Prior to the Affordable Care Act (ACA), cancer survivors were at the mercy of the health care system, often forced to pay exorbitant premiums or simply denied coverage altogether. Today, America’s 16 million cancer survivors benefit from the ACA’s patient protections that are critical to providing them with quality, affordable, and accessible health care coverage. NCCS is actively engaged in advocating to ensure this unprecedented access for cancer patients and providers continues.

Not surprisingly, 2018 has started out with a bang and there are significant health care changes already in the works or coming down the pike. In this week’s Affordable Care Act Update, we lay out these changes and how they impact cancer survivors.

Individual Mandate Repeal

At the end of December, Congress passed the Tax Cuts and Jobs Act, which included the repeal of the individual mandate. The Congressional Budget Office (CBO) estimates that 13 million fewer Americans will have insurance coverage over the next decade with repeal of the mandate. In addition, it was projected that premiums would increase by 10% because the pool of individuals purchasing insurance would be sicker and more expensive to insure. As Politico reports, by eliminating the mandate, which requires those who opt out of coverage to pay a penalty, Republicans have finally notched a significant legislative victory in their years-long crusade against Obamacare. President Donald Trump has said that Congress has “essentially repealed” the 2010 health care law. However, this is not accurate as the core provisions in the ACA remain in place, which include protections against pre-existing conditions, lifetime and annual spending caps, Medicaid expansion, and health insurance tax credits.

With repeal of the individual mandate, health care experts continue to debate the future of the ACA. Some think individual mandate repeal poses a serious challenge to the stability of health insurance markets, and that cost-sharing reduction payments and reinsurance funding are critical to providing relief and stability to the markets. Other experts think that the ACA marketplaces are more stable than previously thought and that the mandate repeal will only have a limited impact. All agree that there are some states where the marketplaces have vulnerabilities, even if overall the marketplaces are strong. We should get a better sense of the impact as insurance companies begin to announce their coverage plans over the next few months.

Threat of ACA Repeal Remains

Almost immediately after passage of the tax bill, reports of health coverage signups through the ACA enrollment period ending December 15, 2017, were released. To date, nearly 9 million Americans enrolled in insurance plans. This total is just slightly lower than the previous year’s enrollment of 9.2 million, despite the fact that this enrollment period was cut in half and millions of dollars in funding were cut for advertising and insurance counselors.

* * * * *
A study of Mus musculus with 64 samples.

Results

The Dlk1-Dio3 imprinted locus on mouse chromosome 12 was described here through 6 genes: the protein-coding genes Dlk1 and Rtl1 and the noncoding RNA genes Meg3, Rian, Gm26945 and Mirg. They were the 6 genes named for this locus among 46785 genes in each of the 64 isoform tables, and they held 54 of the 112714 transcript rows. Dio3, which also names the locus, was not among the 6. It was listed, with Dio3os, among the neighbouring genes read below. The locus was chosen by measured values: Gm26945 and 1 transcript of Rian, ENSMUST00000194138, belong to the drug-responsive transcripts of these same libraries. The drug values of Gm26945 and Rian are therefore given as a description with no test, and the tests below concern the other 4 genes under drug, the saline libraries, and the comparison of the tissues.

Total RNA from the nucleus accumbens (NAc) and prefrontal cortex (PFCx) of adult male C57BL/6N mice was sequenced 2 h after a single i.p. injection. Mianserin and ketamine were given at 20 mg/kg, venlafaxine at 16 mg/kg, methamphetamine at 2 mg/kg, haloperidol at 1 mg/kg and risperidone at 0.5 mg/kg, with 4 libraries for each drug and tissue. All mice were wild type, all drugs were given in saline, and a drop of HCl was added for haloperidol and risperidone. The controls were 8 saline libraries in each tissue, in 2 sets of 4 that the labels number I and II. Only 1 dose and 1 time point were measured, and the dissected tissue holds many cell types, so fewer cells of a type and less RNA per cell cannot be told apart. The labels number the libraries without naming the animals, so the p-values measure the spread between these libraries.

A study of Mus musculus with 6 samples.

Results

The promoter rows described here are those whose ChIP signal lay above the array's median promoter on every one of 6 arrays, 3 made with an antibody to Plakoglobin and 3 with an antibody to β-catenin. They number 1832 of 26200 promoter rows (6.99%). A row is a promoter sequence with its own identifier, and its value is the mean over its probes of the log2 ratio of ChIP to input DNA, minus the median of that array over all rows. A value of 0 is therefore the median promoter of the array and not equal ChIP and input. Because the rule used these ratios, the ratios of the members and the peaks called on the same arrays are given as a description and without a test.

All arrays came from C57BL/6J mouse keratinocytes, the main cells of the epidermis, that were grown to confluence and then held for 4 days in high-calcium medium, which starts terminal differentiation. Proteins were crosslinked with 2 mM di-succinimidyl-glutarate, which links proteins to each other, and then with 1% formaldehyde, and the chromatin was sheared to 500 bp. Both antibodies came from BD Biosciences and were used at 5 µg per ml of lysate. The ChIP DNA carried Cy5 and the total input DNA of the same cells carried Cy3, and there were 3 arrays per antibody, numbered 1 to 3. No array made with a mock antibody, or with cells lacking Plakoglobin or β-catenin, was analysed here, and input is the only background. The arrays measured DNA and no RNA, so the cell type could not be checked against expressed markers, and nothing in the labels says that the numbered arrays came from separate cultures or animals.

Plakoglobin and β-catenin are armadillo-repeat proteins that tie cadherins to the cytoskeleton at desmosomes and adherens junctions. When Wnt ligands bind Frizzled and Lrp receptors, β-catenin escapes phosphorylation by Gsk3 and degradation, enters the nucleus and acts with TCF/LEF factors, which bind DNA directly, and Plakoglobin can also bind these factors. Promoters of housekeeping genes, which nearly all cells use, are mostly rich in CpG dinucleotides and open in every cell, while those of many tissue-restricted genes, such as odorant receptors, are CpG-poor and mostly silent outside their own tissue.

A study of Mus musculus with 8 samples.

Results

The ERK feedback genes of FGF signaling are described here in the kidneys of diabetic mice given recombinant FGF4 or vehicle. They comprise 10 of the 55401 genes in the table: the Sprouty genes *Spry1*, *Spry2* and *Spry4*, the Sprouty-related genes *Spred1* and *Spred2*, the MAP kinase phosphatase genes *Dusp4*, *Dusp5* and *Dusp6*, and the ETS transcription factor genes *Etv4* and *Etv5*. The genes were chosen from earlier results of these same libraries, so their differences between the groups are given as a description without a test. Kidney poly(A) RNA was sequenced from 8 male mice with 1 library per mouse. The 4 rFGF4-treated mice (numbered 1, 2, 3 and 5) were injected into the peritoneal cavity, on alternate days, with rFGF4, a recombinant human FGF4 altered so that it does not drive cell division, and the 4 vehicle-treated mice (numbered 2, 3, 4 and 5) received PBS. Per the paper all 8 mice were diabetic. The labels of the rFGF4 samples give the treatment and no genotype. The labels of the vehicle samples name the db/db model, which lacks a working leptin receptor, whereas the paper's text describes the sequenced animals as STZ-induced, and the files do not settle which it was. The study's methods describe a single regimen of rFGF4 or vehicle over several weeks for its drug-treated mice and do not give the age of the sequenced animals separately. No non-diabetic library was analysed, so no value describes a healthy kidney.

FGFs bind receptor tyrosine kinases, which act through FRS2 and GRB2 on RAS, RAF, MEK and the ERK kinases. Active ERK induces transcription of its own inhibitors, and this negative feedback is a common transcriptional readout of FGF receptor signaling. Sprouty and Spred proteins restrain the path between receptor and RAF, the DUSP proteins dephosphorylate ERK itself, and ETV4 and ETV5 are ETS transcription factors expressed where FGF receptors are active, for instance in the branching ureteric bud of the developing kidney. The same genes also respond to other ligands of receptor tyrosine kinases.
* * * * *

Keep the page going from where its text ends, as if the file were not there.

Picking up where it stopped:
Despite another successful ACA enrollment period, Republican Members of Congress have very different views on what is next for the ACA in 2018. In an interview with NPR soon after the tax bill was passed, Senate Majority Leader Mitch McConnell said that it was time for the Senate to move on from additional efforts to repeal the ACA. On the other hand, Senator Lindsay Graham – the proponent of one of several repeal and replace measures considered by the Senate – challenged Leader McConnell and urged another attempt to repeal ACA.

Association Health Plans

Yesterday, the administration released proposed rules regarding Association Health Plans. The expansion of so-called association health plans is part of a broader effort to encourage the rise of cheaper coverage options that are exempt from certain Obamacare patient protections and benefit rules. However, lax rules could open the door to a new wave of poorly regulated health plans that exclude coverage of key services required by the Affordable Care Act, such as hospitalizations and prescription drugs.

“Any one of those steps in isolation wouldn’t necessarily destabilize the markets, but the combination of all these actions is likely to make insurers very nervous,” said Larry Levitt, senior vice president for health reform at the Kaiser Family Foundation. “The ultimate risk is that more insurers decide that the market is too risky and they exit, leaving counties with no options at all.”

AHPs pose a very serious threat to cancer patients and survivors. Because they are not required to cover essential health benefits, they may pull away younger and healthier people, leaving those with pre-existing conditions who need essential health benefit coverage to potentially pay higher costs.

When the time comes, we will be calling on you to be in touch with House and Senate offices to urge action to protect the ACA and oppose any that does not include consumer and patient protections.